What Dawand Jones Brings to Ohio State’s Starting Offensive Line: “He Can Move His Feet Just As Well As Somebody Who’s Not As Big”


Between his colorful personality and colossal physical dimensions, there isn’t much about Dawand Jones that one would describe as understated.

The size possessed by the Ohio State junior offensive lineman jumps off a roster sheet, and his teammates can’t help but crack a smile when asked about what the 6-foot-8, 360-plus-pound athlete brings to the table for the Buckeyes’ front line.

“He’s big,” junior defensive end Zach Harrison said Monday. “That’s the first thing.”

Fittingly, there was nothing subtle about how Jones busted up what most assumed to be the projected starting lineup for Greg Studrawa’s unit for much of the offseason, emerging from presumed second-string status to earn a starting job and forcing two All-Big Ten offensive linemen to shift positions ahead of the 2021 season opener.

That appears to be the plan for the Buckeyes anyway, as redshirt junior tackle Nicholas Petit-Frere said he’s “pretty sure” he’ll line up at left tackle come Thursday, leaving room for Jones to fill the void on the right side. Ryan Day has yet to confirm the move officially, but the longer he talks about Jones, the more effusive the praise becomes for the former three-star recruit.

“We’ll see as we get towards game time, but he’s had a very, very good camp,” Day said. “We’ve moved some different guys around but I’m very, very impressed with his approach every day, the way he’s worked, the way he’s developed over the last three years. We’ll continue to work through and see how the next couple days go, but I’m very, very impressed with him and excited to see how he plays.”

If Jones starts at right tackle against MInnesota on Thursday, that will also mean new positions for a former five-star recruit in Petit-Frere and a player that many scouts and outlets touted as the top offensive tackle in the country entering this season in Thayer Munford, who is expected to move inside to guard.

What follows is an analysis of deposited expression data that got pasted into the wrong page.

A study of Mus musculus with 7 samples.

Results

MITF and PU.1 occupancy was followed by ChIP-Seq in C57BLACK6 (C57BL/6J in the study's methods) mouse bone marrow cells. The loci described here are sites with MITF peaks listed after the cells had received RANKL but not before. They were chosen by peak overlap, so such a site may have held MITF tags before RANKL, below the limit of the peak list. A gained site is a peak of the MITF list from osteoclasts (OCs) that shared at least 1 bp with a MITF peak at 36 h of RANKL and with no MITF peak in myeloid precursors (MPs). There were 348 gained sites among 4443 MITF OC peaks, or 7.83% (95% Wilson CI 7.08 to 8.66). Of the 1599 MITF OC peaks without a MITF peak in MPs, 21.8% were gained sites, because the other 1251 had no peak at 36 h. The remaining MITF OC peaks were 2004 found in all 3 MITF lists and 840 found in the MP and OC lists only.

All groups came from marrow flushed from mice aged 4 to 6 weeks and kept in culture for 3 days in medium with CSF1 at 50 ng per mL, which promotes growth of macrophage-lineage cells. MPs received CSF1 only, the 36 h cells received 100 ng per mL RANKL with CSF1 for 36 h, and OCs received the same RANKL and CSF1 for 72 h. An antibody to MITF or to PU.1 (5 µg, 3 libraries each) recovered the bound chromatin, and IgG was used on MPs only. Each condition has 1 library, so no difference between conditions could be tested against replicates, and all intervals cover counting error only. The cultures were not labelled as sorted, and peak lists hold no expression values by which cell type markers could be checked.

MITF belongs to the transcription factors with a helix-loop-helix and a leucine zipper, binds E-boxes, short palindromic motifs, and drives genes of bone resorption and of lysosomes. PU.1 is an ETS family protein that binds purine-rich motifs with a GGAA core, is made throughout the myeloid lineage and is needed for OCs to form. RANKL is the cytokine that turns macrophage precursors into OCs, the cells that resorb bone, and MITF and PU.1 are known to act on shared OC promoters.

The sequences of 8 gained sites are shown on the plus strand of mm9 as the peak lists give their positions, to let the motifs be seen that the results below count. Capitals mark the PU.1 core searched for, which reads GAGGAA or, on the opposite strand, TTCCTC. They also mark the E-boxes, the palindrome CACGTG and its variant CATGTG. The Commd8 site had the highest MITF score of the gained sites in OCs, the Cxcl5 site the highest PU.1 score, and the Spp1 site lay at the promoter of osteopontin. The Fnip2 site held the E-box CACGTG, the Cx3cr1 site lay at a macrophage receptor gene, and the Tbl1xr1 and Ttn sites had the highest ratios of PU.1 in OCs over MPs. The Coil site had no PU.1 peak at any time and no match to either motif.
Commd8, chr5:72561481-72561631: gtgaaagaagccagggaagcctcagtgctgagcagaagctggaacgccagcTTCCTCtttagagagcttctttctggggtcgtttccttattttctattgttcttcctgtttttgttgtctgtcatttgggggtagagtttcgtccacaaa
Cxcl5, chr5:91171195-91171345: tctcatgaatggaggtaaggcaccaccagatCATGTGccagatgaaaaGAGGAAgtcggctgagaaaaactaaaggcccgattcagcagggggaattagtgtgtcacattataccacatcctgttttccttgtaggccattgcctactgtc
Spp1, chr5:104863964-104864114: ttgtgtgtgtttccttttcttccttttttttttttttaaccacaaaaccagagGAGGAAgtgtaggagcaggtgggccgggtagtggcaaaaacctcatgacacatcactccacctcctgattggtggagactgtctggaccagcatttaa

Jones has won the support of both players in the move, though, as Studrawa said during camp that Munford even suggested it to him, and Petit-Frere said Monday that Jones’ contributions have a broader range than sheer size and brute force.

“I feel pretty confident (in Jones’ ability),” Petit-Frere said. “Dawand’s been having a great camp, had a great spring (camp) as well, really grew into the position and playing offensive line. He’s been a really big juice guy for us when it comes to the offensive line and actually the team in general, of always coming in every single day with a lot of energy, a lot of juice and a big passion for the game,” Petit-Frere said. “And that’s something that a lot of players have revolved around and kind of latched onto, especially myself as well. So we love having Dawand and how much he’s practiced, and he’s done a really good job.”

For Harrison, a player that has likely seen more than his fair share of one-on-one battles with Jones this preseason, the Ohio native said whenever he sees a big tackle, he compares them to Jones. It just so happens that Minnesota has quite a big right tackle of its own in 6-foot-9, 380-pound senior Daniel Faalele, but Harrison said what sets Jones apart from other big bodies up front is his natural movement and speed.

“Despite how big he is, he was a hooper in high school, so he’s got good feet, he’s athletic, he’s not just one of those big guys who can’t move,” Harrison said. “He’s got good feet, and that’s what presents a challenge. Normally when you see a big guy, you only get him to move his foot to move around him. Well, he can move his feet just as well as somebody who’s not as big, so that’s probably the biggest challenge of going against Dawand.”

With five-star class of 2020 tackle Paris Johnson Jr. starting at right guard for the Buckeyes, Ohio State now has four natural tackles playing different positions along Studrawa’s front five. Senior linebacker Teradja Mitchell likened the group to the “Monstars” from Space Jam earlier this preseason, and senior tight end Jeremy Ruckert called it “an honor” to watch the group work.

With the size and speed Jones brings to the table, new starting quarterback C.J. Stroud might just get an extra cloak of comfortability as he attempts his first collegiate pass on Thursday.

“He makes you feel pretty small,” Ruckert said of Jones. “But you feel pretty safe next to that guy.”